Green Dragon (Arisaema dracontium)

My first encounter with Arisaema dracontium occurred during a lazy horseback ride on a late summer afternoon. The crimson berries were hard to miss among the greenery of the lush creek bank.  My horse, as usual, was not very interested in my botanical discovery, so I returned later, camera in hand to identify my find.

Latin Name/Common Name- Green dragon also goes by the common names Dragon arum and Dragon root. It takes some imagination to match the name with the plant.  The flower spathe somewhat resembles the fire breathing dragon with the spreading leaf representing  the dragon wings.

Arisaema is a combination of two Greek words, “Aris” meaning arum and “haema” meaning blood. Arisaema dracontium is in the Arum family.  A closely related plant of the same family is  Arisaema triphyllum or Jack-in-the-pulpit. These two plants are reported to often grow near one another. Jack-in-the-pulpit is found throughout the Ozarks, but I haven’t encountered it on Ozarkedge. I’ll keep looking.

Bloom Color- The flower is on a stalk that branches from the leaf stem near the ground. The yellow-green flowers are enveloped by a green overcoat, known as a spathe.

Flowers inside the spathe

From the top of the flower, a long, tapering wand emerges. This is termed a spadix.

Green dragon in bloom showing long, tapering spadix

Description- This exotic looking plant has a single leaf that is highly dissected into 5-15 deep lobes. The dark green leaf is huge, reaching more than a foot across on mature plants. The stem is smooth, thick and tall. Plants range from1-4 ft in height.

Highly dissected, single leaf of Arisaema dracontium

Mature Green dragon plant

Immature plant at the beginning of May

Group of Green dragon before blooming in early May

Although the leaf and bloom are exotic in appearance, the most spectacular aspect of this plant is the crimson berries that appear at the cusp of summer and fall. Green berries appear shortly after the bloom fades in late May to early June. The berries are clustered together like a short ear of corn. They gradually ripen over the next couple of months, first turning yellow-green, then orange and finally bright crimson by late August.

Green berries May 31st

Two images showing ripening berries

As the berries ripen, the stem- once strong and stout- weakens and bends to the earth.  By mid September, the huge leaf has faded to yellow. In October, only a few berries are left to mark the place where the leaf will re-emerge in spring.

As the berries ripen, the stem becomes weak and falls to the earth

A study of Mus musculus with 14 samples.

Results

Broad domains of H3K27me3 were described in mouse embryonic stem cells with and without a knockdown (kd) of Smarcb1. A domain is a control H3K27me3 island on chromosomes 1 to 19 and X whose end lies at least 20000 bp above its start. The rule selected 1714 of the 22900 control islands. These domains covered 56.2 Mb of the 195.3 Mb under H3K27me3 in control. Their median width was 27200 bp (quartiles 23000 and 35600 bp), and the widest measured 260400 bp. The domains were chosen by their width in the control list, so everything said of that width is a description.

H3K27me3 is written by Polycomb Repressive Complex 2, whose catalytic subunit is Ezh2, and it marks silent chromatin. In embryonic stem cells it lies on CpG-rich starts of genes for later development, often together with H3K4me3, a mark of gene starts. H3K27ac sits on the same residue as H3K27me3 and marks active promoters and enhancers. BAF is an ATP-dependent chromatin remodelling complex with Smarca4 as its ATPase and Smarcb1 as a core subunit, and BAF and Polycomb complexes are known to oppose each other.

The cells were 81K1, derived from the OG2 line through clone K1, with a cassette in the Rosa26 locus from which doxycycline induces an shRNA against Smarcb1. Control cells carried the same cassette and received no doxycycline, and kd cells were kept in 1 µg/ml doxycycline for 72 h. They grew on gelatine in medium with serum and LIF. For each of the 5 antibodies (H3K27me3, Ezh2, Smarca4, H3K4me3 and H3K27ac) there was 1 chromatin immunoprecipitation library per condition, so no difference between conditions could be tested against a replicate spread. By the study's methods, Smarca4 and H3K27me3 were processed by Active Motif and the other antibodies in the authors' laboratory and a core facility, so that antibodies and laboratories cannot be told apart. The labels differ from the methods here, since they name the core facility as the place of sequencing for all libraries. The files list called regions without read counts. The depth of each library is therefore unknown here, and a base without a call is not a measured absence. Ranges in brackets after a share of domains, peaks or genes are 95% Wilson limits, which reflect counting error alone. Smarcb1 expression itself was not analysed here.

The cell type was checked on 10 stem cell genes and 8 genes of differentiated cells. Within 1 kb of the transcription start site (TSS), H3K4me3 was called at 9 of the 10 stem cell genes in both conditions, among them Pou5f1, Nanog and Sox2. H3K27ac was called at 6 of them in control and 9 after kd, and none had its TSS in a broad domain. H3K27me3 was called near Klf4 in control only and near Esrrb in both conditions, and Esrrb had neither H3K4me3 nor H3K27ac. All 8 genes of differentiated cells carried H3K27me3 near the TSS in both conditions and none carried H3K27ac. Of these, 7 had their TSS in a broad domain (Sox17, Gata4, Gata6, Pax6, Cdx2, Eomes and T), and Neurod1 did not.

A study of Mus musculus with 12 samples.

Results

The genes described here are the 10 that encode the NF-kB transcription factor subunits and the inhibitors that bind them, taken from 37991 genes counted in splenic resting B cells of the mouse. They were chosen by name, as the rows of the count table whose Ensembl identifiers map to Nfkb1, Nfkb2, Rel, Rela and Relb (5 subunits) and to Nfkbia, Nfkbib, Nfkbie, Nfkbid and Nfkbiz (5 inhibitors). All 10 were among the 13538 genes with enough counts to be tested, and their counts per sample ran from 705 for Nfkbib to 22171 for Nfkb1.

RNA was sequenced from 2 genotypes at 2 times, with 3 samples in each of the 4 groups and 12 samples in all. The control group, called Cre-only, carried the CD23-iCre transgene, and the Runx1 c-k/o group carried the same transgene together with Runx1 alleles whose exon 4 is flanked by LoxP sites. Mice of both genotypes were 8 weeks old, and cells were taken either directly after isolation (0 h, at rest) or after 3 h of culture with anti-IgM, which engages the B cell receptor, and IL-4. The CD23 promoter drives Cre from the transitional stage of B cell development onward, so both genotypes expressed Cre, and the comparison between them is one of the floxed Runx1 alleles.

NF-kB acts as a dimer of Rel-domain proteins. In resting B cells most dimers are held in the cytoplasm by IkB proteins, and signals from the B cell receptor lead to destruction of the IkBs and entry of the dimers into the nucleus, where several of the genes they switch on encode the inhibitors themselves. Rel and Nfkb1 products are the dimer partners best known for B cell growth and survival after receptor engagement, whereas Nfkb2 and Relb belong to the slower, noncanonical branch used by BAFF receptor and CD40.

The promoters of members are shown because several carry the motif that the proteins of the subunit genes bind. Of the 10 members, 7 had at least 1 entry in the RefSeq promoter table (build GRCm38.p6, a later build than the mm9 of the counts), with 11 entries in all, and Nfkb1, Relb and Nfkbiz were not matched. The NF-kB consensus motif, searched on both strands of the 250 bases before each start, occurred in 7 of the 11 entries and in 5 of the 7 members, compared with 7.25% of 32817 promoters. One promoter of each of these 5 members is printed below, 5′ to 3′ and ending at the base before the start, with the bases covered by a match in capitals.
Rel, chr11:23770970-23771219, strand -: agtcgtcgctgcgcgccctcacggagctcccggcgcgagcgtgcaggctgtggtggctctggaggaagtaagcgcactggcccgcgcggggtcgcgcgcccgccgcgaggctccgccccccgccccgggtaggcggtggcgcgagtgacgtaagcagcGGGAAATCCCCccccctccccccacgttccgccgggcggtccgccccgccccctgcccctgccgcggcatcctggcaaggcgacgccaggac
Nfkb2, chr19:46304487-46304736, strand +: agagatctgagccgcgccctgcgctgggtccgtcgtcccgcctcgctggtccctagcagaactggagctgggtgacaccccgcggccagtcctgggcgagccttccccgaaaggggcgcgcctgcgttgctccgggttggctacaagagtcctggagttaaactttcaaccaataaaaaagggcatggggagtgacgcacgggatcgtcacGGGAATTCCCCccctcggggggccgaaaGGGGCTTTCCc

The yellowing leaf in September

Group of Green dragon berries in September

All parts of Arisaema dracontium are poisonous. This is related to the calcium oxalate crystals (and other toxins) in the plant. If ingested, intense burning of the throat, lips and tongue will occur.

Bloom Time- Arisaema dracontium blooms in mid May on Ozarkedge. The bloom time may extend into June, but green berries have replaced most of the blooms by then.

Flower with spathe and spadix in mid May

Habitat- On Ozarkedge, Green dragons live in the lush growth found alongside creek beds and in low damp places at the woodland edges. They like growing in the boggy areas that are often flooded when the lake creeps past its usual borders in spring and fall.

Three Green dragons in area regularly flooded each spring

What’s Growing Nearby?- Poison ivy is a common companion of Green dragon. Since I am highly allergic, I have to be on the constant look out for the “leaves of three” when I am in the vicinity. Grasses, sedges and wild garlic also grow nearby.

Arisaema dracontium with grasses, poison ivy and wild garlic companions

Allium canadense or Wild garlic grows near Green dragon

Endangered List- If you find this fascinating plant in the wild, leave it be. It is an uncommon plant. The USDA plant site lists it as Threatened in Vermont and Massachusetts. It is considered Exploitably Vulnerable in New York and Endangered in New Hampshire.

Click here to see the latest status on the USDA Plants Database.  This link should take you to the General page showing a map with US distribution. Click on the Legal tab on  to see the latest updates on its Threatened and Endangered status.

I have successfully propagated Green dragon by taking one of the berry clusters, drying it, and then lightly planting in the fall. The next spring, I was rewarded with numerous new plants.

Berries planted the previous fall gave rise to this group of young Green dragons

Interesting Tidbits-  This plant is a sex change artist. In plants this is called gender diphasy.  When small and young, Arisaema dracontium is typically male. When larger, it becomes female. In fact, it may change sex from year to year depending on ecological factors such as weather.